Imagine if doctors could diagnose and treat patients not only according to the standard protocols for particular conditions, but also by considering each patient's unique biology. For some diseases, this is already happening. For example, oncologists are using molecular tests to determine which treatment might work best for a cancer patient on the basis of whether that patient has a particular genetic mutation.
While there has been enormous progress in the diagnostic process, fueled largely by the completion of the Human Genome Project in 2003, which mapped out the order of the 3 billion bits of DNA that comprise genes and create a human being, this kind of personalized medicine - also called precision medicine - is in its infancy. Scientists still have much to untangle about what genetic variations or defects make people prone to particular diseases and why some drugs work for some people but not for others.
|The field of personalized medicine stands to grow even more, thanks to a research team led by the University of Kansas Medical Center that received a $1 million grant from the W. M. Keck Foundation to develop a set of rules that will predict how specific amino acid mutations alter the functions of proteins in the body. COBRE-PSF Leadership Committee member and researcher Liskin Swint-Kruse, Ph.D., is a member of the research team.|
One of the largest philanthropic organizations in the United States, the Keck Foundation funds basic science, engineering and medical research and has a reputation for supporting cutting-edge projects.
Genes produce proteins, large molecules that perform many thousands of tiny tasks that make the human body function properly. Proteins matter because they do the work of the cell. Without them, muscles wouldn't contract, antibodies wouldn't fight infections and hair wouldn't grow. Understanding how mutations change the way proteins behave is crucial for the future of personalized medicine as well as for protein engineering.
Proteins are made of strands of amino acids, hooked together like beads on a string. The sequence of these acids determines the 3-D shape into which the protein folds. Each protein's folded shape determines what function that protein does. If a protein is mutated, or altered, then the shape and thus the function of the protein changes. The problem for scientists is figuring out exactly how the function is altered.
"Any two unrelated people can have up to 10,000 differences in their protein sequences," said Swint-Kruse, who co-leads the project with Aron Fenton, Ph.D., both associate professors in KU's Department of Biochemistry and Molecular Biology. "It's easy to figure out where the proteins are different [i.e., where there are mutations]; it's hard to figure out what the changes do."
Paul Smith, Ph.D., another researcher on the project and a professor in the Department of Chemistry at Kansas State University, says the key is for scientists to establish the rules of behavior for the various mutations. "Everyone's genome is a little different, and it can have big effects on how they respond to treatment, different drugs or diseases," he said. "For example, if one amino acid is substituted for another, what's going to happen? And how will that affect how the protein functions? If we can control and understand that, the long-term view is personalized medicine."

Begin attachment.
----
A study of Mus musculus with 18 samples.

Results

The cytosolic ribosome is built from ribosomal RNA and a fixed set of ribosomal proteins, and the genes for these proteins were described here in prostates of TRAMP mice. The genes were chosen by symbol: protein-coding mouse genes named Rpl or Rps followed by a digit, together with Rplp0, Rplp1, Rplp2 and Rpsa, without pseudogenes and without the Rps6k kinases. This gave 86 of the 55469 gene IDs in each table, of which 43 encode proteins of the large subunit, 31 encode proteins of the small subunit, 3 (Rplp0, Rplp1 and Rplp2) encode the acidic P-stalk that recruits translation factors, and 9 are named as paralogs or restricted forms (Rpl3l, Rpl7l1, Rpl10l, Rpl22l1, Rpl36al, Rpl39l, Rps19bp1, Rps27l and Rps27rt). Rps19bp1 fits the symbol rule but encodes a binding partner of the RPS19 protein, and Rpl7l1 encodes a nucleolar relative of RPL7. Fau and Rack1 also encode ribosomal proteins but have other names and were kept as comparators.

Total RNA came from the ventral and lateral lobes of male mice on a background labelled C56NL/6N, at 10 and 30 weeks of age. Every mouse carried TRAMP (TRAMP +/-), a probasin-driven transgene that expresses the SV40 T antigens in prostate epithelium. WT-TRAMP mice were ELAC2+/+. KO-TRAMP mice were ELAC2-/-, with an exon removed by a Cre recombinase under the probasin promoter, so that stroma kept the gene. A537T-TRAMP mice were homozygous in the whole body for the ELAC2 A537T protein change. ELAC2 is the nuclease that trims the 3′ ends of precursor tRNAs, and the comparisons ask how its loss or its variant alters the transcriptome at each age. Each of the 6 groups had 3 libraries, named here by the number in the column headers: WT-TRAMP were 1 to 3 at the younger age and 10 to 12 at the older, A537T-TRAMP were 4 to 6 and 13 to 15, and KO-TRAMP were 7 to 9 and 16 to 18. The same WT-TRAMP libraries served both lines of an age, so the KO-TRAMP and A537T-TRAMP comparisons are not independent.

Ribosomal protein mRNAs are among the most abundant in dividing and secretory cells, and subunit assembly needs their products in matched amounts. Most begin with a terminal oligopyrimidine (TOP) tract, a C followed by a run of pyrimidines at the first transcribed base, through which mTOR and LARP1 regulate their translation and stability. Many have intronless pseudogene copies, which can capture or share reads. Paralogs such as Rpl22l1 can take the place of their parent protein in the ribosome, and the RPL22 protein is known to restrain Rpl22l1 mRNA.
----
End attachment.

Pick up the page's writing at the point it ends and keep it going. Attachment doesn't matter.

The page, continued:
Making It Compute
Computer algorithms already exist that can find mutations and predict the functional outcomes, but in each given protein they are only correct about half the time. These programs can only accurately predict outcomes for amino acid positions that haven't been altered by evolution. These "conserved" positions abide by a set of mutation rules, gleaned over a half-century of research, whose findings have been programmed into the algorithms that predict mutation behavior.
KU researchers have found that for the nonconserved positions, those that have been altered by evolution, none of the rules apply. The research team coined the term "rheostat positions" to describe these positions, because their changes can dial the function of a protein up or down, like dials on a stereo.
During the course of the five-year grant, Swint-Kruse and her group will study nonconserved amino acid positions in proteins that represent three diverse structural classes to create a library of rheostat positions; gather biophysical data about them; and then use those data to develop a set of rules for these protein mutations. They hope their results can be used to improve mutation prediction computational algorithms, resulting in a more complete picture of what happens when proteins are mutated, which could help physicians design treatments for patients on an individual level.
"For example, some people experience side effects with certain drugs, while others don't," explained Swint-Kruse. "Now we could know that, if a patient has a certain mutation, not to give them a drug. Or, if a patient has a mutation, we also know what drug would help them."
"The highly interdisciplinary research to be carried out by the Swint-Kruse team will take personalized medicine many steps closer to reality," said Gerald Carlson, Ph.D., chair of the Department of Biochemistry and Molecular Biology.
In addition to Swint-Kruse and Fenton, researchers on this project include Alexey Ladokhin, Ph.D., and Joseph Fontes, Ph.D., both associate professors in the Department of Biochemistry and Molecular Biology; Antonio Artigues, Ph.D., research assistant professor in the Department of Biochemistry and Molecular Biology; Bruno Hagenbuch, Ph.D., professor in the Department of Pharmacology, Toxicology & Therapeutics; Audrey Lamb, Ph.D., professor in the Department of Molecular Biosciences, University of Kansas; Paul Smith, Ph.D., professor in the Department of Chemistry, Kansas State University, and John Karanicolas, Ph.D., associate professor in the Department of Molecular Therapeutics, Fox Chase Cancer Center.